Julia O'Dwyer, the mother of TVShack founder Richard O'Dwyer, has called on supporters to keep signing an anti-extradition petition started by Wikipedia founder Jimmy Wales, claiming her son still needs support for his appeal hearing.
Speaking to V3 on Tuesday, Julia O'Dwyer said despite Home Office suggestions that it would ignore the petition, supporters should keep signing Wales' petition, with the campaign only having started just over a week ago.
"We've got an appeal hearing set for later in the year, we're still waiting for a date and we're currently looking to get as much support as possible," she said.
On Monday, a Home Office representative told V3 it would leave Richard O'Dwyer's fate up to the court system. He is facing extradition to the US for alleged cases of copyright infringement on his TVShack website.
Since the US filed the request, numerous activist groups, celebrities and politicians have openly campaigned to stop the extradition. Most recently, Wikipedia founder Jimmy Wales started a petition calling on the Home Office and UK home secretary Theresa May to block the extradition.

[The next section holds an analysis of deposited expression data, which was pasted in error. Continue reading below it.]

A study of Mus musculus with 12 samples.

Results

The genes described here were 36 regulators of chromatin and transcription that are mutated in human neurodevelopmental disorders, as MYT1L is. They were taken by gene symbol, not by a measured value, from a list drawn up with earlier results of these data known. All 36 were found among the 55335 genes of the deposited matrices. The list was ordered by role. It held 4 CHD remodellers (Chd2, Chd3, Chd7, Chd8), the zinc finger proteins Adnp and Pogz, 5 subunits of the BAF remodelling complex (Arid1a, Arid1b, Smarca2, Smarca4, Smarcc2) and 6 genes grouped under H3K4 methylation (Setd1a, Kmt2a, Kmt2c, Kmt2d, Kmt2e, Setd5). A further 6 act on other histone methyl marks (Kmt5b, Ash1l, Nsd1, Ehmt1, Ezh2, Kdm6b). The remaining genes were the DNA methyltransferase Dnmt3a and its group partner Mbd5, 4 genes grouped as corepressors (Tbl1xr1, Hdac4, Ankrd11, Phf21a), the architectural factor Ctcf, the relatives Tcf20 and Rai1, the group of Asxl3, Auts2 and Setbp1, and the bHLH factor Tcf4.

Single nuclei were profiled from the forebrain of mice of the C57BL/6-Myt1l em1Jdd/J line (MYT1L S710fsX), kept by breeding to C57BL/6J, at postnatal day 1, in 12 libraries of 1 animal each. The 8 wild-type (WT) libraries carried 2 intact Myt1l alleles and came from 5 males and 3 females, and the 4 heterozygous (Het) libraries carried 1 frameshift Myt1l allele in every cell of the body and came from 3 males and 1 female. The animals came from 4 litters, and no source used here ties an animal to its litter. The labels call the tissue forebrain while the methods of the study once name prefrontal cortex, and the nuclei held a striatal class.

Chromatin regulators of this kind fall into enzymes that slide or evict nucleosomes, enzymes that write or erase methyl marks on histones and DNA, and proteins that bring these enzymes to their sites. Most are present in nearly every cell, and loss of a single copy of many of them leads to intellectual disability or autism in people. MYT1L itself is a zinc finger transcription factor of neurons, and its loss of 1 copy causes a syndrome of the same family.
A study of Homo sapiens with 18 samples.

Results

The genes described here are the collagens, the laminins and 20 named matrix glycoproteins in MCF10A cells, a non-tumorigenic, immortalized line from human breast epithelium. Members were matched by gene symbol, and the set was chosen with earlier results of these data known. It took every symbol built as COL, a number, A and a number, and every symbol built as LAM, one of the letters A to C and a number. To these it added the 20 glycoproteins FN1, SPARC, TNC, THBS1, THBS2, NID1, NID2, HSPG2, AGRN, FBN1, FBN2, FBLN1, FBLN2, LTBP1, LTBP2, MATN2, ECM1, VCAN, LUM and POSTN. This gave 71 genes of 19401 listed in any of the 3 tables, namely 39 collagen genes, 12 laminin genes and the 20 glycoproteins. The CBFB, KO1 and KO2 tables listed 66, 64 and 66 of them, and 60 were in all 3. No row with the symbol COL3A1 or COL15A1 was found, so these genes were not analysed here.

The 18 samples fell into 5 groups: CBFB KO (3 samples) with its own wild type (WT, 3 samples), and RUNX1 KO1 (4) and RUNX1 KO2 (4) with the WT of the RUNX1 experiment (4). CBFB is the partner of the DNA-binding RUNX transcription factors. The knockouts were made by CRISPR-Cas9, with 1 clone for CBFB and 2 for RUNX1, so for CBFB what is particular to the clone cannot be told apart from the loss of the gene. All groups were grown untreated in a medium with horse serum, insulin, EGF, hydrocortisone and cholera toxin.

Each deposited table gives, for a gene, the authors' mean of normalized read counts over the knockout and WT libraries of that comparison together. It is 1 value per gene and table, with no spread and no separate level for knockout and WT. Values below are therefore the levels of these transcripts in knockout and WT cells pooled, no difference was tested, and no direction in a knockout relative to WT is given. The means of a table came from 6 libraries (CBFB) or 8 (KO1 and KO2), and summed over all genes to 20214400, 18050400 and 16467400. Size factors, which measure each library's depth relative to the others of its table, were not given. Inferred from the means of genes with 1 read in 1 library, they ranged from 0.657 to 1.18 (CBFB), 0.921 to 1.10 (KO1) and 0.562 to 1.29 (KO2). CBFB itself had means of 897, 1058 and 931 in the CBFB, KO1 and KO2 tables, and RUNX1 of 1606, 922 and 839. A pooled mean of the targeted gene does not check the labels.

"My main beef with it [the US interpretation of its extradition treaty with the UK] is that they are very keen to extradite people that have never set foot in the US and have not committed a crime in the US," said Julia O'Dwyer.
She went on to criticise the UK government for its unresponsive nature. "You don't get through to [ministers or civil servants]," said O'Dwyer.
"I wrote to [Theresa May] on one occasion and she didn't deign to respond to that. But the petition is not just for her, it's for David Cameron and Nick Clegg as well, both of whom have been put under significant pressure already."
Looking to the future, O'Dwyer confirmed she and Wales have been discussing other possible ways to fight the extradition.
"Nothing is finalised, we're just getting some ideas together. At the moment we just want to keep the petition going," she said.
Wales' petition has gathered massive support since being started, breaking past the 200,000 signatures milestone in its first week.